Voluntary variation provides flexibility, protection from contract changes, guild


Jonathan
Chilton Towle
Pharmacy Guild of New Zealand chief executive
Pharmacy Guild chief executive Andrew Gaudin says the voluntary variation clauses of the new pharmacy services contract combined with its evergreen nature offer flexibility
Whenever a change is proposed to the new pharmacy service contract, pharmacy owners will be able to choose whether they want to accept or decline it a

Comments

Disappointing outcome. Nurses and teachers correctly judged the market and achieved / will achieve reasonable earnings corrections.

Most of the $20 million is just earmarked for volume growth.

Plus the emerging trend of zero rx charges wasn’t even addressed by the Pharmacy negotiations team.

Out of interest, what were you hoping for in the contract that hasn't been agreed? 

Nurses and Teachers will get paid more money essentially directly by the Government. If pharmacy wants more money, it goes to private business owners. What chance of them passing all this new found funding to the 'workers'?

I can't see Pharmacy ever going on strike to get any perceived grievances fixed. The fight on the initial contract offer this time was the most united I have seen Pharmacy as a whole in the 15 years I have worked. Even then there are people happy with the offer. If you are going to strike, to make it worthwhile, it has to be 100% or nothing.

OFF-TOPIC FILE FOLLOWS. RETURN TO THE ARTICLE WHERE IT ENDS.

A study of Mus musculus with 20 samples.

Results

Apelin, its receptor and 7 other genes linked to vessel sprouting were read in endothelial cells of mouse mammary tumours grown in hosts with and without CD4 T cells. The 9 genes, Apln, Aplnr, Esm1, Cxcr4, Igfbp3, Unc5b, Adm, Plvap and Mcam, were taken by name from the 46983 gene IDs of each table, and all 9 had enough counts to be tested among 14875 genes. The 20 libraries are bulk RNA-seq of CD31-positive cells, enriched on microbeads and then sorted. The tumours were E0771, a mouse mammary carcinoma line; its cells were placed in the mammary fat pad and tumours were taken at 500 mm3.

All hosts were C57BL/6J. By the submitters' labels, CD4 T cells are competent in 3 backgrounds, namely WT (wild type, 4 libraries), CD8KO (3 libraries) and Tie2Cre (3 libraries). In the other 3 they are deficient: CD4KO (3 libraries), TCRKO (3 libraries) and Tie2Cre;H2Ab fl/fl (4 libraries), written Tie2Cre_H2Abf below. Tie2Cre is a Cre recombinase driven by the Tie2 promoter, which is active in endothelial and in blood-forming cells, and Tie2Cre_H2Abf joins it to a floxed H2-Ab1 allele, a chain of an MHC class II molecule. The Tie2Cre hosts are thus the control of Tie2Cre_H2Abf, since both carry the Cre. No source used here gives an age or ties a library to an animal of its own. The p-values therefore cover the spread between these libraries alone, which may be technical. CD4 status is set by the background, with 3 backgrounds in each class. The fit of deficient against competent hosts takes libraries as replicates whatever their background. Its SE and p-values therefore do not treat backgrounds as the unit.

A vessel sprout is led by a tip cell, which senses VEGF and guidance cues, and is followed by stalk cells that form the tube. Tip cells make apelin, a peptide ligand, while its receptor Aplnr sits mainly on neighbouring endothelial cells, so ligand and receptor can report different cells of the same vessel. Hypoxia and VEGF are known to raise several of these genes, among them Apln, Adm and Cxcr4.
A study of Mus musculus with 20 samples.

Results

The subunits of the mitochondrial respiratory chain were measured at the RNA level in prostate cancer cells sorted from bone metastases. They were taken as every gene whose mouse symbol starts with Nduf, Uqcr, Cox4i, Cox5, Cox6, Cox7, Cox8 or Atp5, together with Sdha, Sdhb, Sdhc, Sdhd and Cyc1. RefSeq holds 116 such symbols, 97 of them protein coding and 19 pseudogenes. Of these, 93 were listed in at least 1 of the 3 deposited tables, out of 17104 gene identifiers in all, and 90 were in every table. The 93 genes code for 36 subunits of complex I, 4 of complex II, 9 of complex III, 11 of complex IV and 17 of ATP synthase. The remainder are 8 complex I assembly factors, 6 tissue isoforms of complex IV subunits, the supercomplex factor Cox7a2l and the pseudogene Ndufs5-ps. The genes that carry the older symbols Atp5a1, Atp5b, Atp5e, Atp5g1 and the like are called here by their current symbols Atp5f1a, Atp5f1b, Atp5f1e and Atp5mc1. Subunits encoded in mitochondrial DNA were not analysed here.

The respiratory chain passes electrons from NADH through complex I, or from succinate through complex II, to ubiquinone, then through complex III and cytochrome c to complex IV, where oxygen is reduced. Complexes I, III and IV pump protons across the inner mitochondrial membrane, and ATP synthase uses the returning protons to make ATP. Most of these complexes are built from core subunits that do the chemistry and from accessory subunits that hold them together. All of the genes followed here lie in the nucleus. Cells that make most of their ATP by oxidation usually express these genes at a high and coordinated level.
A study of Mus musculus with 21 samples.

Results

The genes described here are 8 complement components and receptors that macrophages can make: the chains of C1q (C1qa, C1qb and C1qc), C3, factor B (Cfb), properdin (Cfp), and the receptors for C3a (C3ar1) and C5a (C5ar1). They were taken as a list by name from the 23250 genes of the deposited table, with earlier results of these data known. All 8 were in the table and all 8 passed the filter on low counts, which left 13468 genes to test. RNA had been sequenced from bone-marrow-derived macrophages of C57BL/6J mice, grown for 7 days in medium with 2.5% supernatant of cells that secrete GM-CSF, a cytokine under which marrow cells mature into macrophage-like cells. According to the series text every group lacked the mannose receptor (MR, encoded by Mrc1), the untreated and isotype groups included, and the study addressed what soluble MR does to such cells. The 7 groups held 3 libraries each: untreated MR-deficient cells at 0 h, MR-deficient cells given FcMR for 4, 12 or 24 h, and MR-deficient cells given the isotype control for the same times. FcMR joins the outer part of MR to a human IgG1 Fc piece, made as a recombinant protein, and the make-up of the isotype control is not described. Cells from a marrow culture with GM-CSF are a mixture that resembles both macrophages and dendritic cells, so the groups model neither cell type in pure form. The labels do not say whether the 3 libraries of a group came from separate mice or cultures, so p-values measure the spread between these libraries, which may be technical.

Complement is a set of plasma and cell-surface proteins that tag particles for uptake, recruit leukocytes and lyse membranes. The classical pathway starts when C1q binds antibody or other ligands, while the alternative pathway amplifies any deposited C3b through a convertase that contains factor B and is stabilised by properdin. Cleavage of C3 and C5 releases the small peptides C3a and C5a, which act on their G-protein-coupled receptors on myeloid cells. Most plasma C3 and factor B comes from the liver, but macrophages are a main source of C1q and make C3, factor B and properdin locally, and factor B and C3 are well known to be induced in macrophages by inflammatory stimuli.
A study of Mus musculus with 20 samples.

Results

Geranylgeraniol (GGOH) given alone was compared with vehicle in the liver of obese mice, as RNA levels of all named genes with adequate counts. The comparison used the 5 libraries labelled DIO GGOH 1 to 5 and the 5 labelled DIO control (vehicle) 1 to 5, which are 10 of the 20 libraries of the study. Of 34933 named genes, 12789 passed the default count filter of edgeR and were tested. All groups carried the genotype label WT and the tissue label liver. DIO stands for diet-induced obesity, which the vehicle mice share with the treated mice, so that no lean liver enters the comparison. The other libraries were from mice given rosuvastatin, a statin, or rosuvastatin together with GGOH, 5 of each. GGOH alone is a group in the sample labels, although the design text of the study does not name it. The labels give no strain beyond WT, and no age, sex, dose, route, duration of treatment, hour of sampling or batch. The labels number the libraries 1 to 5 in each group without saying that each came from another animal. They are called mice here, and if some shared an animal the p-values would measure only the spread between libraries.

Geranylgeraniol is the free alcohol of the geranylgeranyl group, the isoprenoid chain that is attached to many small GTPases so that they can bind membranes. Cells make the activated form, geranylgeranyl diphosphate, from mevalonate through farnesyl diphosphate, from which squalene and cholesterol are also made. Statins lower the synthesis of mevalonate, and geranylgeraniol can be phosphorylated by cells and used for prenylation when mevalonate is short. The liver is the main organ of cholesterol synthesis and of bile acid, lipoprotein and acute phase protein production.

Saying that, if you aren't happy with this offer, then you do have the opportunity to be your own representative in the ongoing reviews. 

Myself, I see the monthly fee I pay the Guild currently as money well spent to negotiate on my behalf. This allows me to focus on the people I work with and community I am trying to help

 

Where to start? Try looking at the big picture instead of the contract detail.

I have several friends similarly educated working in various fields, some business owners, some not.

We're pretty open with each other and I can tell you for a fact that pharmacy is lagging behind a lot of other professions in terms of remuneration based on the demands of the job.

Virtually all other owners of businesses in fields other than pharmacy have the ability to adjust their earnings to meet their costs. Recently I was explaining pharmacy remuneration in NZ to a uni lecturer in business administration. He thought it was a terrible system with high risk to contract holders.

I'm married to a Nurse. In 1995 as a basic  I was earning approximately 15% more than she was. Now FTE Nurses get paid more than the average employed pharmacist.

Also, pharmacy earns less for dispensing than it did 10 years ago. That's a fact. Even though everything else has gone up.

I could go on but I think you get the picture.

I'd be happy to negotiate my own arrangement. Tried it already but its impossible to do so.